The problem of talking about the new web: you have to do it, too
1) An important international expert arrives from overseas to tell us that local knowledge is the most important thing;
2) We sit in lecture mode hearing that the lecture is no longer important;
3) The limitations of web2.0 apps are not mentioned. There was no context either historical (computer science) or historical, about all the knowledge discovered before computers were invented.
When I'm giving a talk I'm nearly always within the constraints of the organiser: "can you please come and give us a talk at this time slot", they ask. I then go on to lecture on how important it is to collaborate, but hope, at least, that collaboration will take place after the initial lecture.
The extended conference experience - not just a lecture
In my classroom I would start with 2-5 minutes 'lecture', setting the context, before the carousel of collaboration would begin for the rest of the 50 minute period. On the same scale, if I'm giving a one hour lecture you can expect the collaboration to go on for at least ten weeks thereafter (one hour a week responding to the concerns of locals who attended the talk). An essential part and package of my offer is the blog, and that people have the courage to at least email or leave comments on the 'lecture post'.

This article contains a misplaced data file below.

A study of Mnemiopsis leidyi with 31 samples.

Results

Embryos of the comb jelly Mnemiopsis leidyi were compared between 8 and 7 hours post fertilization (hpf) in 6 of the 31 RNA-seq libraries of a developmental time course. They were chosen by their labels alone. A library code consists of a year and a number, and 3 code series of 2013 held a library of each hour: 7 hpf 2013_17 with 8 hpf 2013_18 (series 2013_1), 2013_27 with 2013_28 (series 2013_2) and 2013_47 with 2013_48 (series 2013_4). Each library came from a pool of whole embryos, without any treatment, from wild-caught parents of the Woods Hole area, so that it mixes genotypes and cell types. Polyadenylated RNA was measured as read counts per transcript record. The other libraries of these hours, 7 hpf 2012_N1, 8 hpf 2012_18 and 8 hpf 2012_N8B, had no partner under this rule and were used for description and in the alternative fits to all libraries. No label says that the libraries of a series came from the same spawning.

This both shows that local knowledge and skills are indeed the most important element but within the context of a global communications space, hence my professional relationships with teachers in New Zealand and the States being, arguably, more in-depth than my professional relationships with non-blogging teachers in Scotland.
The final point, about historical and cultural positioning of new technologies, is vital. That's why one of the talks I enjoy giving the most is Why Scotland's Been Blogging For 5 Million Years, applicable to most countries in showing that this is less a revolution, as a reformation. It's not so much new, as reminding people of what it means to be a human being, what makes us tick, and bringing that back into learning. These things include connecting to others, conversing, asking questions and giving answers. None of that, of course, is achievable in a traditional lecture format, but possible in my 'extended lecture' notion. If only more keynoters picked up discussions on their blog (if they had one of them, if... ;-)
If you haven't seen or heard Stephen speak you can catch him at the Scottish Learning Festival video website, in one of many videos captured for the Learning about Learning series or in the new Journey For Excellencedownload him onto your iPod for the trip home tonight.
site (search for 'Heppell'). You can even
Enjoy - it's good stuff - but you may have to do some of your own thinking to work out how it applies to you. And I can't think of anything good teachers would enjoy more than thinking about how to do their stuff better.